When Gimmicks "Infringe" on a Wrestler's Talent


Watching "Smackdown" a few weeks ago made me realize something yet again--something I've thought of several times over the years, but which have now boiled over into this writing.

There were days, early in my childhood, where I would get up and watch wrestling.  Those were good days, when I could easily have the world broken down into little niches and segments, and where gimmicks didn't seem to really matter, because of the naivete of youth.

As I grew, so did the world of sports-entertainment.  Gone were the days of Doink the Clown and Tugboat, and in its place was the new, hip version of wrestling, replete with such realistic performers as Stone Cold Steve Austin, The Rock and the nWo. 

Oh, sure, there were still gimmicks—but they were no longer cheesy, but more realistic.  A man with a hatred towards mankind, a streetwise pimp, or a guy stuck in the 1970s.  Still somewhat out there, but with the right moves, these men could become champions.  As I had grown, so had sports-entertainment.  It was more...mature.

But a disturbing trend began to rear its head around the 2002-2003 timeframe.  The age of the goofy gimmicks had returned.  It might have been fine at one point, but as the world and the business had grown, it was, to say the least, outdated.

And that brings us to the current day.  We currently have: a brutal island savage (Umaga); a man who lapses between a catatonic state and a state of rage, depending on the ring of a bell (Festus); and an Italian immigrant who cannot grasp the English language (Santino Marella).  We said goodbye within the past few years to: a mentally-handicapped performer (Eugene); male cheerleaders (Spirit Squad); and a list of others.

This is not a new fad for WWE.  Often, a new hire will be given a goofy gimmick and thrown in the mix to see how they will get over with the crowd.

But there is a difference between a poor gimmick that gives the performer room to grow and turn it into something good, and a gimmick that literally leaves the performer no room to grow other than to reject the gimmick outright at some point. 

Usually, WWE gives its performers enough of an "out" to where they can transform the gimmick at some point.

With those I listed above, they are on the "will never draw" list, if for no other reason than the only way to get them credibility is to scrub the entire character and start from scratch.  There can be no evolution of the character—and that is a failure not of the star, but of the creative team.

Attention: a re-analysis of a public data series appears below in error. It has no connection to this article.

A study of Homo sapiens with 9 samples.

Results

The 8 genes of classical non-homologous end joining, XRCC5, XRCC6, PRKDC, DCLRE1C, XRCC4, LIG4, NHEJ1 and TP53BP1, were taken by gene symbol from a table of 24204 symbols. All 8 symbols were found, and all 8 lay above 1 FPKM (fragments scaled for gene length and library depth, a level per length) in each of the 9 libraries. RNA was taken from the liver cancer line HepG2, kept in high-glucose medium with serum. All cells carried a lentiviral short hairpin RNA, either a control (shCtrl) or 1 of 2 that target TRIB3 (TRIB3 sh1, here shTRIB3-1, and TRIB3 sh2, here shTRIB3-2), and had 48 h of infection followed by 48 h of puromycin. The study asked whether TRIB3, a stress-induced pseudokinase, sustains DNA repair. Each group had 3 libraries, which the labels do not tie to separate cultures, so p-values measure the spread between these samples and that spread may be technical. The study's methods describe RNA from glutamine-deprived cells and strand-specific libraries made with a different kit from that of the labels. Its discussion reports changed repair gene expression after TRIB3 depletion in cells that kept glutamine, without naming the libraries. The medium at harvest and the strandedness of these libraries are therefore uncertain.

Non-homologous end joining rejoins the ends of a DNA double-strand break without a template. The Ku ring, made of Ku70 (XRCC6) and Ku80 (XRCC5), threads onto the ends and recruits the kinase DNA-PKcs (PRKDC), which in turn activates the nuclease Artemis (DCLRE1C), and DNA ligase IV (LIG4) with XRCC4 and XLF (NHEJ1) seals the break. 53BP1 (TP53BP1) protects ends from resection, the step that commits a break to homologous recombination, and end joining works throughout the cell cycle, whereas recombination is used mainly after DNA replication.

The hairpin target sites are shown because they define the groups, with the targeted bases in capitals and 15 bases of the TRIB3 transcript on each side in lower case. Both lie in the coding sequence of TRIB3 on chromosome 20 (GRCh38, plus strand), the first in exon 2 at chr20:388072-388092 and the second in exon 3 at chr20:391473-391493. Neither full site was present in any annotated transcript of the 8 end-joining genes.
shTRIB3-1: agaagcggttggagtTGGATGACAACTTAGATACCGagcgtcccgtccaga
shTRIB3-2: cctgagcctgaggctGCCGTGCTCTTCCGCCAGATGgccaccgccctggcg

And that is a loss, for some of those who are saddled with these impossible gimmicks are some of the best talent you will find.  Nick Dinsmore (Eugene) is a world-class wrestler, while Eddie Fatu (Umaga) is the product of a world-famous wrestling family and can pull off high-flying moves that are usually impossible for men much smaller than him.

When a gimmick fails, the creative team has to go back to the drawing board and figure out what went wrong.  Yet, time and again, they seem unable to look at a proposed gimmick and see that there is absolutely no room for growth in the character.

Rather, they are looking for a certain look at a certain time—and in not having a long-term plan in mind for the wrestler, they give the performer absolutely no incentive, other than personal pride, to give the gimmick everything they have.

Stone Cold Steve Austin (and others) is fond of saying that the best gimmicks are the ones that draw on one or two aspects of the real-life personality of the performer, and simply cranking the volume up as far as it will go. 

And he is right.  The most successful wrestlers of the past decade, and of decades ago, are the ones that are true to reality, with minor variations (other than the Undertaker, who is simply The Phenom and transcends the normal rules of reality). 

Shawn Michaels, Triple H, The Rock, Kurt Angle, even Ric Flair, Dusty Rhodes, and Harley Race...all champions, all legends, and all realistic.  Even Austin, after being given bad gimmick after bad gimmick, got proactive in the process and devised the Stone Cold gimmick from scratch.

My simple wish, if I were to be granted two or three, would be this: a creative team that has a long-term vision and the ability to see glaring roadblocks and logic holes when devising a gimmick for a new talent.  Perhaps then, we would not have to see otherwise-talented performers fall into a gimmick they can't escape from.